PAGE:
The Supreme Court on Tuesday began a three-day hearing to re-examine a trio of cases involving disgraced former Phnom Penh police chief Heng Pov, who was convicted of a slew of crimes by the Phnom Penh Municipal Court and is currently serving a 98-year prison sentence.
Beef patties remained raw and tomatoes uncut yesterday afternoon at Mike’s Burger House on Russian Boulevard, where rumors had circulated that U.S. President Barack Obama might stop off for a bite before his departure from Cambodia.
Plans to welcome the president at Mike’s Burgers had to be canceled due to growing problems in the Middle East, said Chenda Im, the fast-food restaurant’s Khmer-American owner.
According to Mr. Im, U.S. Secret Service agents had visited his restaurant some weeks ago ahead of a possible burger-and-fries meal for Mr. Obama.
“I was excited and feel sad that it’s not happening now. I’m a little heartbroken,” Mr. Im said yesterday.
In some ways, the deserted scene at this popular burger house was a fitting symbol of Mr. Obama’s visit to Cambodia.
During the past few days, Mr. Obama became the first sitting U.S. president to visit Burma, which is in the midst of a sweeping democratic reform process. It was a similar situation for Mr. Obama’s visit to Cambodia, which was this year’s chair of Asean.
The two historic visits, however, proved to be of very different natures for Mr. Obama and have highlighted a widening gap between the two countries—in international perception at least.
In Rangoon, Mr. Obama addressed more than a thousand students in a speech at Rangoon University, met pro-democracy leader Aung San Suu Kyi at her lakeside residence, and toured the historical Shwedagon Pagoda barefoot.
Although the country has only recently emerged from almost four decades of military dictatorship, Mr. Obama said he was impressed by the country and even applauded its leaders for their reform-minded agenda.
Lining the streets of Rangoon, thousands of Burmese turned out to welcome Mr. Obama to the once reclusive but resource-rich country.
They wore T-shirts with his portrait, but also ones of Burmese President Thein Sein and Ms. Suu Kyi. Some even stopped work to see the motorcade pass by and wave Burmese and American flags at the president—much to Mr. Obama’s liking it would seem. There were press conferences, photo opportunities and speeches.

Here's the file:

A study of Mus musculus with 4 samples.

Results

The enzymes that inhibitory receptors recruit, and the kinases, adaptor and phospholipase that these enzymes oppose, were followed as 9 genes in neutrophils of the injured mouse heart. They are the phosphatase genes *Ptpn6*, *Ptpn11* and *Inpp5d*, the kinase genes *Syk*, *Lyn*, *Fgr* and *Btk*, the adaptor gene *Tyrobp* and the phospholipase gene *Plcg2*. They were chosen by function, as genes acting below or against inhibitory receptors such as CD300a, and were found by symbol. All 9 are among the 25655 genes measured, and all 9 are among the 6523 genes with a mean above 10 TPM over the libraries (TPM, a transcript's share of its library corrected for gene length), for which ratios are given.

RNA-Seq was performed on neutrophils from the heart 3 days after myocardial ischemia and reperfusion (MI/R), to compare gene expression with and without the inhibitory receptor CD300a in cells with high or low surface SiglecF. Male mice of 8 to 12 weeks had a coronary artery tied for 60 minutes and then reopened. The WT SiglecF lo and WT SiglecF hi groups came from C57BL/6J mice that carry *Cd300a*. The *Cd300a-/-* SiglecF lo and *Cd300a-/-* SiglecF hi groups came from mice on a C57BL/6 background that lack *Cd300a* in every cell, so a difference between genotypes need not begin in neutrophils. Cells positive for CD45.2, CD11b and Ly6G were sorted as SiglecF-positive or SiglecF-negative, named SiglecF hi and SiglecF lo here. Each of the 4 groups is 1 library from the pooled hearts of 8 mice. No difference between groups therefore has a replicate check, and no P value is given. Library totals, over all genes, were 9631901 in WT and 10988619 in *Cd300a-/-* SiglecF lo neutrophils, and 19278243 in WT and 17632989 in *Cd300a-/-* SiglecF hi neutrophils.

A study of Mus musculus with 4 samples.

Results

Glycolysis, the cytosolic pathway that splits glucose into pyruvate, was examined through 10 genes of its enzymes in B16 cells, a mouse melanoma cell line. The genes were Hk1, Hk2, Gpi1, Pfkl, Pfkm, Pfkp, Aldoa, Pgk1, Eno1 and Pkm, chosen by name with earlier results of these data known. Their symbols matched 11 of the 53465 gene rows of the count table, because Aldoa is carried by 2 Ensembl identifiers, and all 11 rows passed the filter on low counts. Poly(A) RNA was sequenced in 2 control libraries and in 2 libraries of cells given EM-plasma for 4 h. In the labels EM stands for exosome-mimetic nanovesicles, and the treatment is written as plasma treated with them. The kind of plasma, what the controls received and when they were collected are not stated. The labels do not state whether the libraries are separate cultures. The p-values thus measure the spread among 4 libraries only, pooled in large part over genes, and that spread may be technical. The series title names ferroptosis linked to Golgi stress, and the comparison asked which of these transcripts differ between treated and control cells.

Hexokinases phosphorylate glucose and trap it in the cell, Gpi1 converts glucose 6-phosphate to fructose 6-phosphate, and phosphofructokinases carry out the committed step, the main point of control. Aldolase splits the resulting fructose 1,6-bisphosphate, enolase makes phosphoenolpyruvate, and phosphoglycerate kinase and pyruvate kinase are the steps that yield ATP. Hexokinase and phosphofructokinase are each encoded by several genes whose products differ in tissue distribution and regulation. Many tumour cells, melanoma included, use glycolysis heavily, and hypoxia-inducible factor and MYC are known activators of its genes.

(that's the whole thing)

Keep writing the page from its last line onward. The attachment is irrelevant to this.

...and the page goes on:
“The president was very moved by the outpouring of people lining the streets…. And when he left, he said [he] would have liked to have spent even more time in this country if he could. So I think he was quite moved by the day,” Mr. Obama’s Deputy National Security Adviser Ben Rhodes told reporters on Air Force One on Monday.
“In each meeting, the leaders could not have been more positive and gracious. And President Thein Sein went out of his way; multiple times in the meeting he used the U.S. president’s campaign slogan,” Mr. Rhodes said, referring to Mr. Thein Sein’s use of the “Forward” slogan from Mr. Obama’s recent election campaign.
Just a few hours after leaving Burma, Mr. Obama arrived in Phnom Penh on Monday to find no one lining the streets in greeting. Journalists and photographers were corralled 50 meters away from the president at the airport. Streets were emptied. People who even wanted to catch a glimpse of the president’s passing motorcade were told by armed police and military police to stand well back from the road.
The U.S. leader’s meeting with Prime Minister Hun Sen was also very different to his recent one with Mr. Thein Sein.
After describing the meeting with the Burmese president as “very positive,” Mr. Rhodes described Mr. Obama’s bilateral meeting with Mr. Hun Sen on Monday evening as “tense.”
Almost all of Mr. Obama’s comments to Mr. Hun Sen focused on human rights. He called on Cambodia to ensure free and fair elections next year, raised the issue of land seizures, and expressed concern for the recent sentencing to 20 years in jail for independent radio station owner Mam Sonando.
After the meeting, Council of Ministers Secretary of State Prak Sokhon said that Mr. Hun Sen had informed Mr. Obama that Cambodia’s human rights record was not as bad as other countries’ and that he was the victim of “a campaign to slander the facts related to the human rights situation and democracy in Cambodia.”
Mr. Obama and Mr. Hun Sen sat beside each other at a dinner for East Asia Summit leaders on Monday night, and though they clinked champagne glasses, Mr. Obama appeared stony faced to Mr. Hun Sen’s smiles.
As the U.S. president’s convoy drove down an empty Russian Boulevard yesterday evening on the way to the airport, almost all the shops were closed and the deflated staff at Mike’s Burger House were sleeping on benches.
Stepping out of his presidential limousine, Mr. Obama avoided lengthy goodbyes and jogged up the steps into Air Force One and jetted away.